If anyone would ask me the question, “What should I see in the Vatican Museums if I only have one hour?” I would respond, “Nothing!” If you only have one hour to visit the Vatican Museums I would suggest that you not go. The Vatican Museums host the vast collection of art gathered together by the Catholic Church over the centuries in a stunning series of buildings. The museums are so complex and so full of art from every century that to only allow an hour would be like hanging the carrot in front of a donkey, a tease for all you couldn’t see. And it bears mentioning that the wait time to get in might already top over your time limit.
Instead, if you only have an hour to see something of the Vatican I would suggest that you head to St. Peter’s Basilica. Getting in usually takes about 15 minutes, which leaves about 45 for a quick tour inside, and not to mention, it’s free. Line up to the right (facing the Basilica) to go through the metal detectors before entering. And while you’re waiting, take in the basilica’s facade designed by Maderno, its dome designed by Michelangelo and its encompassing colonnade designed by the sculpture Bernini.
The original church, built in the time of the Emperor Constantine (in the early 300s AD), was constructed over the grave of St. Peter, who was martyred during the reign of Nero in his hippodrome that was once nearby. The current building dates from the Renaissance and is certainly one of the biggest and most impressive buildings from that time. Even now, it is one of the largest churches in the world. From planning and designing to its actual construction, the basilica went through a tiring cycle of architects, from Bramante to Michelangelo to Bernini, and so it’s amazing that the building seems a concise artist vision.
Once inside take time to just soak in its grandeur: the multicolored marble, some of it swiped from the Imperial Roman structures around the city, the excellent use of space to convey a sense of limitlessness and the way the heavy marble columns seem to float weightlessly heavenwards. Then veer to the right where Michelangelo’s marvelous Pietà mourns piously behind the Plexiglas and flashing cameras.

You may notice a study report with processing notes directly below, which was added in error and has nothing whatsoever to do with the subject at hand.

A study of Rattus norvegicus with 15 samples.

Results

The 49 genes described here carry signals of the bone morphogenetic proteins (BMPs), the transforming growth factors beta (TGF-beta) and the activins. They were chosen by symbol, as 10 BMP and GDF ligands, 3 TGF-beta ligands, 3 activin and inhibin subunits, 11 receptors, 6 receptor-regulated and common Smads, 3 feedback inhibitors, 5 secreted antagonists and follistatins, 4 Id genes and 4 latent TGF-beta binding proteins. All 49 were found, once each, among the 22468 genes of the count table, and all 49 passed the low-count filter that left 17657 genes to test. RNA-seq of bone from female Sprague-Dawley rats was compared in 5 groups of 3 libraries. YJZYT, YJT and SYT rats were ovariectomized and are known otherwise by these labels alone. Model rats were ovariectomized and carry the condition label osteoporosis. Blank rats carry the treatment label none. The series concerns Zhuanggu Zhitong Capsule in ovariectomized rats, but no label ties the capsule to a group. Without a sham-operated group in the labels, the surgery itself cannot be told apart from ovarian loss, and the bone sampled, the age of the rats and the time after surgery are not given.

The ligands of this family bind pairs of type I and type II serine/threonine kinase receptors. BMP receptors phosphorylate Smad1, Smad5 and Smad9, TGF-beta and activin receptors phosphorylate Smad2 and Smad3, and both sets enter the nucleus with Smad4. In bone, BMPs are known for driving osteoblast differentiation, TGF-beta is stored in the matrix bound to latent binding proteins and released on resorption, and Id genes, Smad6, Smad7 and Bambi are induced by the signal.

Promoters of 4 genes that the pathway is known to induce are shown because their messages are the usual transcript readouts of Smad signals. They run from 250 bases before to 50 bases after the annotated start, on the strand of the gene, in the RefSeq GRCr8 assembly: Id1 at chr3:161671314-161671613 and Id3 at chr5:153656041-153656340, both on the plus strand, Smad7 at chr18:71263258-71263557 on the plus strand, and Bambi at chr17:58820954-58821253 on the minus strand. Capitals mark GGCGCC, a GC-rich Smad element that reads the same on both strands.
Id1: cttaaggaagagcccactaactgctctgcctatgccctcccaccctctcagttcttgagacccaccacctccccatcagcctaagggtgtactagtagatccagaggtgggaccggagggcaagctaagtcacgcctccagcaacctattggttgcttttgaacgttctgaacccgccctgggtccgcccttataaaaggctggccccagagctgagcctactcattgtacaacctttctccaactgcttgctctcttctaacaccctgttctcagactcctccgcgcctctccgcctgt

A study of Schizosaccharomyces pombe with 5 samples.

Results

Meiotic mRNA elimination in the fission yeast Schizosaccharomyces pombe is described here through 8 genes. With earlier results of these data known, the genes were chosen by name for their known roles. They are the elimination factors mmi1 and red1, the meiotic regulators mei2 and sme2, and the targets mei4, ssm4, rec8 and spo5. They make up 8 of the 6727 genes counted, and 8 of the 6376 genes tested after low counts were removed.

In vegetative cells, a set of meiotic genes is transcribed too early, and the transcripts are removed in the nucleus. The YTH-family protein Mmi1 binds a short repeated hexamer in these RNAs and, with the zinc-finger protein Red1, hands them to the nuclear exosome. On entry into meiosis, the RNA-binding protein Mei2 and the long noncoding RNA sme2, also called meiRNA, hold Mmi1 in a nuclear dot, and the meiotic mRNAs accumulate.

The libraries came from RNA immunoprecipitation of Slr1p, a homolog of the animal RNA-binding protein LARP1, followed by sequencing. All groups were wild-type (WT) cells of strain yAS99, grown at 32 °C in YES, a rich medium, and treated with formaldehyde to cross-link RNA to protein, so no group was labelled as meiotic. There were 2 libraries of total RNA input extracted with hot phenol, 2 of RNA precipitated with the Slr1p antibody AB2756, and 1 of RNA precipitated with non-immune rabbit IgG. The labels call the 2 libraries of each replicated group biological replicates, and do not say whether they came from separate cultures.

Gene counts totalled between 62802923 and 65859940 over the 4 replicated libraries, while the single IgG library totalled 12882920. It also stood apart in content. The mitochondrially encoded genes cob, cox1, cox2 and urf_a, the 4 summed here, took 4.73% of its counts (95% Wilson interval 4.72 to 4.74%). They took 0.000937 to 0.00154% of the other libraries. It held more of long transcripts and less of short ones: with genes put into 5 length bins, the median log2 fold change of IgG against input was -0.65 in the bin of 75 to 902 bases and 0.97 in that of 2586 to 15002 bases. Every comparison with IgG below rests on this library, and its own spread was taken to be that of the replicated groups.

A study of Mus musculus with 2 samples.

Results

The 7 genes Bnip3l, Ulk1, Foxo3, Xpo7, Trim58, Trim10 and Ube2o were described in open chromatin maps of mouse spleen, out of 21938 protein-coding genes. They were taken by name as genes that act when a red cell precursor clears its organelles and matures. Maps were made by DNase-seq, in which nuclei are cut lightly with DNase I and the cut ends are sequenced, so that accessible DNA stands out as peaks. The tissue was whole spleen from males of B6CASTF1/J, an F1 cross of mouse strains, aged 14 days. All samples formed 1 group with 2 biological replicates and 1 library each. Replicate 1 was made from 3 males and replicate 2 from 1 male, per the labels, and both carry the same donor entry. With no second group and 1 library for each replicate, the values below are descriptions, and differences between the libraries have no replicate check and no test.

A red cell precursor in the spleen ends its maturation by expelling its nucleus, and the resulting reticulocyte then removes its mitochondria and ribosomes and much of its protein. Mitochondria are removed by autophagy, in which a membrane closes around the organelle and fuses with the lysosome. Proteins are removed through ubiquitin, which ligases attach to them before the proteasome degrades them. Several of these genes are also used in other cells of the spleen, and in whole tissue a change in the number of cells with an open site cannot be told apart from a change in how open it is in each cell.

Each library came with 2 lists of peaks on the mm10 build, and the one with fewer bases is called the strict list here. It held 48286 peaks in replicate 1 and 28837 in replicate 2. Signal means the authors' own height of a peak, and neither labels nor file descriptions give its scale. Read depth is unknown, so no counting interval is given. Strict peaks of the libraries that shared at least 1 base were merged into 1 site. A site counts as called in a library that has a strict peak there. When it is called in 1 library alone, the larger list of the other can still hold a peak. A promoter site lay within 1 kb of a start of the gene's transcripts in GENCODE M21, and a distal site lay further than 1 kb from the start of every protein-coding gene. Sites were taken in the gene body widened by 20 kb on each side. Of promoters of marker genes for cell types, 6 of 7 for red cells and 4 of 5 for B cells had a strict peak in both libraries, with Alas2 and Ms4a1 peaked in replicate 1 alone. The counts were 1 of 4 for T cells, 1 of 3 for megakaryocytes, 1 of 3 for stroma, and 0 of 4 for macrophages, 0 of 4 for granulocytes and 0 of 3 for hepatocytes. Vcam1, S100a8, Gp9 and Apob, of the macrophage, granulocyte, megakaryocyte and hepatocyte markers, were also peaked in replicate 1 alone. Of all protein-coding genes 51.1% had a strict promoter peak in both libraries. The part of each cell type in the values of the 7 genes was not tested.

Continue on through the transept, crossing over into the wide nave. At the end of the nave and below the dome is Bernini’s tortured baldicchino that rises in bronze above the altar. Bend your neck back and take an admiring view of the dome, which was designed by Michelangelo. Though it is not as large and round as Brunelleschi’s Duomo in Florence, it was still quite an impressive piece of architecture in its day, a sense of which it still retains. The dome has an elegant egg-like shape that is in balance with the rest of the church. (And if you’re able to draw out another hour, it’s worth a climb for the views of Rome from the top.)
At the end of the church, in the apse, is another piece by Bernini, the Cathedra Petri. The baroque explosion of gold that gives way to the Dove of the Holy Spirit in glass appears to be the focal point of the piece. Though it was built to enshrine the relic of St. Peter’s chair, which can be found below the golden explosion, in the hands of the four founders of the church.
Wander back to the front of the church along the other transept, taking a look at the huge paintings that aren’t really paintings but mosaics. There’s a reliquary that isn’t that interesting and can be skipped if you don’t have the time. Exit off the porch to the right, catching a glimpse of the Swiss Guards in their clownish suits. And you shouldn’t have much time left of your hour.
Ok, ok, if you’re still thinking, “But wait, I really want to see the Vatican Museums and I have only one hour, what should I do?”
My advice: Head straight for the Sistine Chapel. Maybe you can tack on the frescoes in the Raphael Rooms. Maybe you can detour off to see the Laocoön and Apollo Belvedere. Maybe instead you want to see a Caravaggio…. (See, I told you!)